RESEARCH NATIONAL UNIVERSITY OF IRELAND : Diabetes with irregular sleep schedules that diverge from their internal body clocks may be at increased risk for dangerously high blood sugar, a small study suggests.

Much as jetting across time zones can force a person to wake-up, eat and work at times that can conflict with their body's idea of what time it is, so called social jet lag happens ''when social pressures like work or school cause people  to be active at times that conflict with their natural internal clock.

In the study, researchers measured social jet lag by tracking the degree of to which people followed one sleep schedule on work days and another on days off.

The study team found that diabetics who had social jet lag of more than 90 minutes tended to have higher blood sugar than their counterparts who didn't experience as much variation in their bedtimes and wakeup times on work days and non-work days.

''A general piece of advice, not only for patients with diabetes but for everyone, is to try to live our lives in harmony with our circadian clock as much as possible,'' said Andrew Coogan, senior author of the study and a researcher at the National University of Ireland, Maynooth.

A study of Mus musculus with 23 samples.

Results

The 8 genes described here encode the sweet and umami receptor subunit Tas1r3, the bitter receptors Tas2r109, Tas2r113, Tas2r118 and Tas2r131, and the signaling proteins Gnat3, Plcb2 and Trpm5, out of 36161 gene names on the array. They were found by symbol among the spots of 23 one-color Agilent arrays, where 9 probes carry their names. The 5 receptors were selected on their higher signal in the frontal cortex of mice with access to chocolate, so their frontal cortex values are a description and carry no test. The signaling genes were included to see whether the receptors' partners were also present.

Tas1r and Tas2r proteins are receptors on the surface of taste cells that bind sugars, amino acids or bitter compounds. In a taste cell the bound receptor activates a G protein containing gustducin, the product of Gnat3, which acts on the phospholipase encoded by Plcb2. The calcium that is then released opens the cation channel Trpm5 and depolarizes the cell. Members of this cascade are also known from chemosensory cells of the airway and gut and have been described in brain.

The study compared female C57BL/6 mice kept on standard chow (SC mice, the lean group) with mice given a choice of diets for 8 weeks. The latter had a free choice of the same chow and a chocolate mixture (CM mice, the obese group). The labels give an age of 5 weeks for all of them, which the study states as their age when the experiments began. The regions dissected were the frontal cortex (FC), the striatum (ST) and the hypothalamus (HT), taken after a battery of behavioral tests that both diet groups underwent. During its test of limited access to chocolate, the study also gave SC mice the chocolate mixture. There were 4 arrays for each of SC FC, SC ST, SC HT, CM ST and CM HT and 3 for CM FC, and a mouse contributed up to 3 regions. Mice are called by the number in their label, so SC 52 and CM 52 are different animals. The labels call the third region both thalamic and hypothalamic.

''Unfortunately for many this is very difficult,'' Coogan said by email.
''If we have to be at work for 8.30 am and have an hour to commute, then we simply have to get up at 7 a.m., although at the weekend we might not wake until after 9 a.m.''

Some previous research has linked what's known as an evening chronotype - or a preference for being awake late at night - with an increased risk of poor blood sugar control with diabetes, researchers note in Sleep Medicine.

All the patients in the current study in the current study had type 2 Diabetes, which is associated with obesity and ageing and happens when the body can;t properly use or make enough of the hormone insulin to convert blood sugar into energy.

Almost two-thirds of the patients were obese, and one in four were had severe obesity. Half of them had lived with diabetes for at least seven years.

At the start of the study, many of the participants had poorly controlled diabetes based on  blood tests  that show the percentage of hemoglobin ' a molecule : on red blood cells] that is coated with sugar.

These so-called hemoglobin AIc levels reflect average blood sugar levels over two or three months. Readings above 6.5 signal diabetic, and and half of the patients in the study had readings of at least 6.9 which is considered poorly controlled blood sugar. [Agencies].